Oct 2, 2020

New nanotechology design provides hope for personalized vaccination for treating cancer

Posted by in categories: biotech/medical, chemistry, nanotechnology

One of the key challenges in developing effective, targeted cancer treatments is the heterogeneity of the cancer cells themselves. This variation makes it difficult for the immune system to recognize, respond to and actively fight against tumors. Now, however, new advances in nanotechnology are making it possible to deliver targeted, personalized “vaccines” to treat cancer.

A new study, published on October 2, 2020 in Science Advances, demonstrates the use of charged nanoscale metal-organic frameworks for generating free radicals using X-rays within tumor tissue to kill directly. Furthermore, the same frameworks can be used for delivering immune signaling molecules known as PAMPs to activate the immune response against . By combining these two approaches into one easily administered “vaccine,” this new technology may provide the key to better local and systemic treatment of difficult-to-treat cancers.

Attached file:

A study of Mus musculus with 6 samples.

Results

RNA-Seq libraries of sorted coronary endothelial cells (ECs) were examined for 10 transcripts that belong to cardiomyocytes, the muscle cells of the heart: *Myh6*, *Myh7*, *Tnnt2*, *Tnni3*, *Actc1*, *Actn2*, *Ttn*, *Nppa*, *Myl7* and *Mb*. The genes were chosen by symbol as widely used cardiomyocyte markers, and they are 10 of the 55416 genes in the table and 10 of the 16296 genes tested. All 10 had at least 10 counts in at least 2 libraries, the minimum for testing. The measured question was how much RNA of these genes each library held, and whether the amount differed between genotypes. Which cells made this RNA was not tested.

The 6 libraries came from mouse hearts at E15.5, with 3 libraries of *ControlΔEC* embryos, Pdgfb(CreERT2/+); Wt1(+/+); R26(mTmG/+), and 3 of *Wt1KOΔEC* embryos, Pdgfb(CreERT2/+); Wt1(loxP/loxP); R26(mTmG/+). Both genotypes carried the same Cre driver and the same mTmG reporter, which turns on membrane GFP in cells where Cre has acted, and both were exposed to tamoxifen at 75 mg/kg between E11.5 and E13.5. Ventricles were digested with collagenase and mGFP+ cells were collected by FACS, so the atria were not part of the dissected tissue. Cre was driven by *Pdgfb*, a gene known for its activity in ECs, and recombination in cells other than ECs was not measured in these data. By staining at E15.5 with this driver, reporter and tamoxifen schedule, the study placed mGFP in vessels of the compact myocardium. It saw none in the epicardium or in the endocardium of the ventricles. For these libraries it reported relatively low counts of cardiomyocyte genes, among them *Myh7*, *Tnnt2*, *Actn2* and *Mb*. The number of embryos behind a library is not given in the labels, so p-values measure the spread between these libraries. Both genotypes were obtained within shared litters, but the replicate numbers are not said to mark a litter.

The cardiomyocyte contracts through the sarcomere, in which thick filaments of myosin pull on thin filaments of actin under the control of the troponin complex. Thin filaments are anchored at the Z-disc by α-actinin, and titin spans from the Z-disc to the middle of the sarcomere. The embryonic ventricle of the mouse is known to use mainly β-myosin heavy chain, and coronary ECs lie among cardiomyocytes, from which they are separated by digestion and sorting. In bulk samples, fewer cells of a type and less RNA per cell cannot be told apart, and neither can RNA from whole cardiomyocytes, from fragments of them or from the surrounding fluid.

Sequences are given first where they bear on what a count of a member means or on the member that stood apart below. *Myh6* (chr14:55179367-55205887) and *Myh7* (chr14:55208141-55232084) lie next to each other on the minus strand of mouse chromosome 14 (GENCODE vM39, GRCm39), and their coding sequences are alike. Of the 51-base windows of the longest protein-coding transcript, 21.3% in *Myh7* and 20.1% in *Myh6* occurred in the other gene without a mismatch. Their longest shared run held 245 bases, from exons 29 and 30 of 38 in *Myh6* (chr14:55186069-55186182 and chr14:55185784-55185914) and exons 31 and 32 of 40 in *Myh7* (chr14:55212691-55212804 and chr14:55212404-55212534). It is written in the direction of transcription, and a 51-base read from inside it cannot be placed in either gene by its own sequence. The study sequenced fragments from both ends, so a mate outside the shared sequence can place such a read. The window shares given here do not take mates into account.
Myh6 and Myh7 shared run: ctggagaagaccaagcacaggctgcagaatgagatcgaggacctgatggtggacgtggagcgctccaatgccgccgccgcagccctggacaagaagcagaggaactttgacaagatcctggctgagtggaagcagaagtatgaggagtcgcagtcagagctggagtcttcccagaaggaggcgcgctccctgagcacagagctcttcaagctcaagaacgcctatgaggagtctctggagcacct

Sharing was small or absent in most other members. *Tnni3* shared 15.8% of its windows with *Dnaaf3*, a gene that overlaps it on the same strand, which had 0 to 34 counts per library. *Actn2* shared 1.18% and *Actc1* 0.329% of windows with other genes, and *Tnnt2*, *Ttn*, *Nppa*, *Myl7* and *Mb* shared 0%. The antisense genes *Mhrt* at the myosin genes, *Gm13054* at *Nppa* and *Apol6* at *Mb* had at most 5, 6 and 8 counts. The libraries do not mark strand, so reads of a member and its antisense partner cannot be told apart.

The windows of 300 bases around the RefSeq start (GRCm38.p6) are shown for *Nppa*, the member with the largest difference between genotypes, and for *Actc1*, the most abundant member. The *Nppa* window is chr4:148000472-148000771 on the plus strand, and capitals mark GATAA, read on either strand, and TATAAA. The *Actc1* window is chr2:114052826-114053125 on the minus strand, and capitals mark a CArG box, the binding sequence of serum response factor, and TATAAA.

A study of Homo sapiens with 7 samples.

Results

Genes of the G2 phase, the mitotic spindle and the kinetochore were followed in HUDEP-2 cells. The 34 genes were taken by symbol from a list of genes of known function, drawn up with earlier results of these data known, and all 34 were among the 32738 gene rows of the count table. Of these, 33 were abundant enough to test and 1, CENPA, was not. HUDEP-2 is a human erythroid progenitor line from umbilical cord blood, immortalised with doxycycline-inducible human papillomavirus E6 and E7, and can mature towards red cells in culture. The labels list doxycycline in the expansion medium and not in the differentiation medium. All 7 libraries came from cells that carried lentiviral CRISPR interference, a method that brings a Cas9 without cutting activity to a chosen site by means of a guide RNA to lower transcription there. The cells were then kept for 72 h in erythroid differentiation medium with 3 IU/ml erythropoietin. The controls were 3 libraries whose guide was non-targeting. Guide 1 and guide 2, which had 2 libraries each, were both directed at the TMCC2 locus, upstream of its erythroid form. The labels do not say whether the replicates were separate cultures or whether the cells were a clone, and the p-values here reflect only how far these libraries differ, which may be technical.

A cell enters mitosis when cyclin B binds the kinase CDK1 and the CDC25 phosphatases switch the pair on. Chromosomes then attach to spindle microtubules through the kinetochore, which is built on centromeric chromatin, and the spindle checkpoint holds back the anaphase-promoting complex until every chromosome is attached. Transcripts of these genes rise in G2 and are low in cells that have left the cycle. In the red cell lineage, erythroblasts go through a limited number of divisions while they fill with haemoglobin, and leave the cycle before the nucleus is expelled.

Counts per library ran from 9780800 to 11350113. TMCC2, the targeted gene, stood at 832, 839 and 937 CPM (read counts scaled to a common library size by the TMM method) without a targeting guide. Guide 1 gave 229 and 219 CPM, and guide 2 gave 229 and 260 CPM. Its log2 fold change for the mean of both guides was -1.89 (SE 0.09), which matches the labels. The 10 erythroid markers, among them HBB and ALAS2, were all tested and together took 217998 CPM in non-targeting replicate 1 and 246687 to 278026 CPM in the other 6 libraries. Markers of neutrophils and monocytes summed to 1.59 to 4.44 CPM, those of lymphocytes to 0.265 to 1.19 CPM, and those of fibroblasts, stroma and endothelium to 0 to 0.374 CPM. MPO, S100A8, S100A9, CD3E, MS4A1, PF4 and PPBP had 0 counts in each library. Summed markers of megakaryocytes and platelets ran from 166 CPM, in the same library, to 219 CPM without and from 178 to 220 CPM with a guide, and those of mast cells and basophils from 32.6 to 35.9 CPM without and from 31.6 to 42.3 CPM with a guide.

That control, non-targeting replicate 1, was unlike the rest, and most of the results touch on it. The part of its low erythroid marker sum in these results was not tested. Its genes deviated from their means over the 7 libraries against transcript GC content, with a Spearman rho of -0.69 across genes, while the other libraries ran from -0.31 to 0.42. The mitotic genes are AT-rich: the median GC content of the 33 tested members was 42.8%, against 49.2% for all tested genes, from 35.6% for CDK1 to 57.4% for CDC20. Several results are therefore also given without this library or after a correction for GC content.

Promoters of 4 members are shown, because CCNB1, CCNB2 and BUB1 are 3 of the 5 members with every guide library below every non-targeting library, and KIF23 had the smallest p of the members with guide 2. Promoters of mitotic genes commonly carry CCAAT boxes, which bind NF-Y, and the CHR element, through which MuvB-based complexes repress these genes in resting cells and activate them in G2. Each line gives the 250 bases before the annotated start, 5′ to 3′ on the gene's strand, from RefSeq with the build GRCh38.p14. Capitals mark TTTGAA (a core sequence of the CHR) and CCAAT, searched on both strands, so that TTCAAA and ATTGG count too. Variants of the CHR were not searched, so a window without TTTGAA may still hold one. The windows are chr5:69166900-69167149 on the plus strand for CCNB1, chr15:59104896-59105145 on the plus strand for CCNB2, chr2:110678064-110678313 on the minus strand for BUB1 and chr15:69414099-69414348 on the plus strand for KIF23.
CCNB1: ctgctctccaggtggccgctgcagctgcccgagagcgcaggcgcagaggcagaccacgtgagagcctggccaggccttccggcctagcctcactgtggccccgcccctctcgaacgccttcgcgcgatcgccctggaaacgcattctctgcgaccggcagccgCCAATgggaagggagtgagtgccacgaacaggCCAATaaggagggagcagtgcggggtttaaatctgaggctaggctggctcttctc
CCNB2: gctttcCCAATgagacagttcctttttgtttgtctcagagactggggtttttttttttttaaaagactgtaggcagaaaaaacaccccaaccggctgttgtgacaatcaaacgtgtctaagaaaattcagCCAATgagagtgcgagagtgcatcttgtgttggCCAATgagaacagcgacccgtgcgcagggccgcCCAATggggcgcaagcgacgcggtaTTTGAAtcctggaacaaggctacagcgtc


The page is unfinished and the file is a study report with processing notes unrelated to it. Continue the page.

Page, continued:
In a collaboration between the Lin Group in the University of Chicago Department of Chemistry and the Weichselbaum Lab at University of Chicago Medicine, the research team combined expertise from inorganic chemistry and to tackle the challenging problem of properly targeting and activating an innate immune response against . This work leveraged the unique properties of nanoscale metal-organic frameworks, or nMOFs —nanoscale structures built of repeating units in a lattice formation that are capable of infiltrating tumors.